19 January 2010

Blue Monday

Yesterday was Blue Monday. It seems it is official, because Sky Travel (the travel agents' equivalent of that curious satellite TV channel for the motor trade on which I once appeared, talking - probably to no-one - about the block exemption) put out a press release some years ago with one of those spurious formulae, in this case for calculating the most miserable day of the year. I thought everyone could see they were a joke, even with my grade 6 in O level maths, and the excellent Ben Goldacre (to whom I am forever indebted for coining, or at least alerting me to, the expression "absolutist" in the intellectual property context) comprehensively debunked it in his Guardian column some time ago.

Working out that the third Monday in January would be a bad day is no great intellectual achievement. I suspect that the second Monday was worse this year, because of the snow, and yesterday actually felt like a new start. But on the other hand, phone calls to someone who owes me money and who I hoped would help me generate more in the future reached a full voicemail box, and I find they have closed down their website and stopped trading. Now I learn that a friend is suffering a recurrence of a serious medical condition. These things don't even feature in
(It's all here in Wikipedia - must be true.)

But it had its moments. I travelled up to London to spend a bit of time in the office, where I found a couple of Christmas presents which had been waiting since before the holidays. Unfortunately one of them was cheese, but it displayed no green bits so I am hopeful that it might do for lunch today. (The other is an audiobook of Dean Karnazes's "50 50" - "Secrets I Learned Running 50 Marathons in 50 Days and How You Can Achieve Super Endurance". My sort of book, for so many reasons.)

I was pleased, in a starnge, sadistic (or perhaps masochistic) sort of way, to find that rail travel offers much the same experience as when I last tried it a few weeks ago. I noted it down at the time, and to practice my creative writing thought I might regurgitate it, slightly revised, here ...

I took a seat on the Oxford train (being restricted, on a cheap ticket, to frequently-stopping boneshaking sardine cans). It is invariably full to Maidenhead, the first stop, but spacious enough thereafter. As I was stowing my coat on the overhead rack, I dropped my copy of the Evening Standard and the gentleman sitting in the window seat facing the one I proposed to take picked it up and handed it to me. Come to think of it, that in itself was a remarkable event. He and I struck up a conversation, mostly about the quality and size of the Evening Standard, both reduced since it became a freesheet.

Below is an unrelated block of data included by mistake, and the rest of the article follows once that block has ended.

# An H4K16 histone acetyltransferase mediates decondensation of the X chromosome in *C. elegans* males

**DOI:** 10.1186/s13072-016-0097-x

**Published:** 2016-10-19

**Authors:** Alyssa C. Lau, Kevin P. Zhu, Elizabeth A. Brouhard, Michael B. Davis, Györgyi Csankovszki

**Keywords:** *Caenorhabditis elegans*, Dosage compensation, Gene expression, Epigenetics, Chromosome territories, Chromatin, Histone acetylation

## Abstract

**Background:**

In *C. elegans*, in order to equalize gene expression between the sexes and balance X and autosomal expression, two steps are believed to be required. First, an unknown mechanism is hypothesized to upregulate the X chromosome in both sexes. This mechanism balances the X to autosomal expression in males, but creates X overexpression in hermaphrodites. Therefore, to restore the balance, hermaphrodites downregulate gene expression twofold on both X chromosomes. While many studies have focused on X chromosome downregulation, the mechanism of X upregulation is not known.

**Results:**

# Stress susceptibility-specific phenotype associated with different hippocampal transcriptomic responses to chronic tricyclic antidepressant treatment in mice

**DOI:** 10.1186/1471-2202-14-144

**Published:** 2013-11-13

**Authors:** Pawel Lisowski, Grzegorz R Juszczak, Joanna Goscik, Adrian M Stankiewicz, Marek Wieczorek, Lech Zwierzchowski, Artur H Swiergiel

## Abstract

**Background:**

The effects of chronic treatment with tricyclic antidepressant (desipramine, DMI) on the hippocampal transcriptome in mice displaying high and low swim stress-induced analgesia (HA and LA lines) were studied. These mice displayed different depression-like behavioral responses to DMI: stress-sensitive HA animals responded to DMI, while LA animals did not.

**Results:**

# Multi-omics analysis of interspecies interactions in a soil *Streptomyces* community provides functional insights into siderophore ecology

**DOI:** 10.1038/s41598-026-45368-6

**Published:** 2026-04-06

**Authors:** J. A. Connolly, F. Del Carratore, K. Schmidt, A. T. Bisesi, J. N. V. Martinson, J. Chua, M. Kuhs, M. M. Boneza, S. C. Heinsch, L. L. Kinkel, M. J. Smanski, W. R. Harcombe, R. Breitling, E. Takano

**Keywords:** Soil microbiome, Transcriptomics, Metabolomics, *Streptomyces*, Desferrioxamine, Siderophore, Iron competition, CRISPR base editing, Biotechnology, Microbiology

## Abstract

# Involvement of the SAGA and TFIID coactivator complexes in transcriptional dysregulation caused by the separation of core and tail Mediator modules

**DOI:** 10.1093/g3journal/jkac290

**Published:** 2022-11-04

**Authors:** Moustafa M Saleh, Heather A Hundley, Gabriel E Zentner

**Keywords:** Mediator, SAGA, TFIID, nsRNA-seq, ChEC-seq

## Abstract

While we were talking, a pretty young lady took the middle of the "back to direction of travel" seats in our group, next to me: and almost immediatel - so quickly that it might have been because she had taken that seat - my interlocutor jumped up like a scalded cat and left the carriage. The young lady moved to the vacant seat - even for slim travellers the seats are only comfortable if the neighbouring one is empty - and we speculated about the motives of the former occupant, now standing outside the window staring at the departure board.

The middle seats of the set were then taken by a man, who sat next to me, and a fat woman with a nose stud. She would probably be offended if I referred to her as fat: but it is an objective comment, based on my observations - particularly of the fact that she did not fit the seat. She declined her companion's offer to place her possessions on the rack, pleading that she had once left a coat on such a rack, though as she seemed to have most of her possessions with her on this journey a similar lapse would bave been highly unlikely.

"Is that all right? Have you enough room?" she asked her companion, as she placed her bag on my foot. He assured her that he was, and he did, although it seemed manifestly untrue, and I laughed to myself. Crammed into the space with the woman's luggage (and my own rucksack), my knees were forced to rest, under the table, against those of the girl opposite.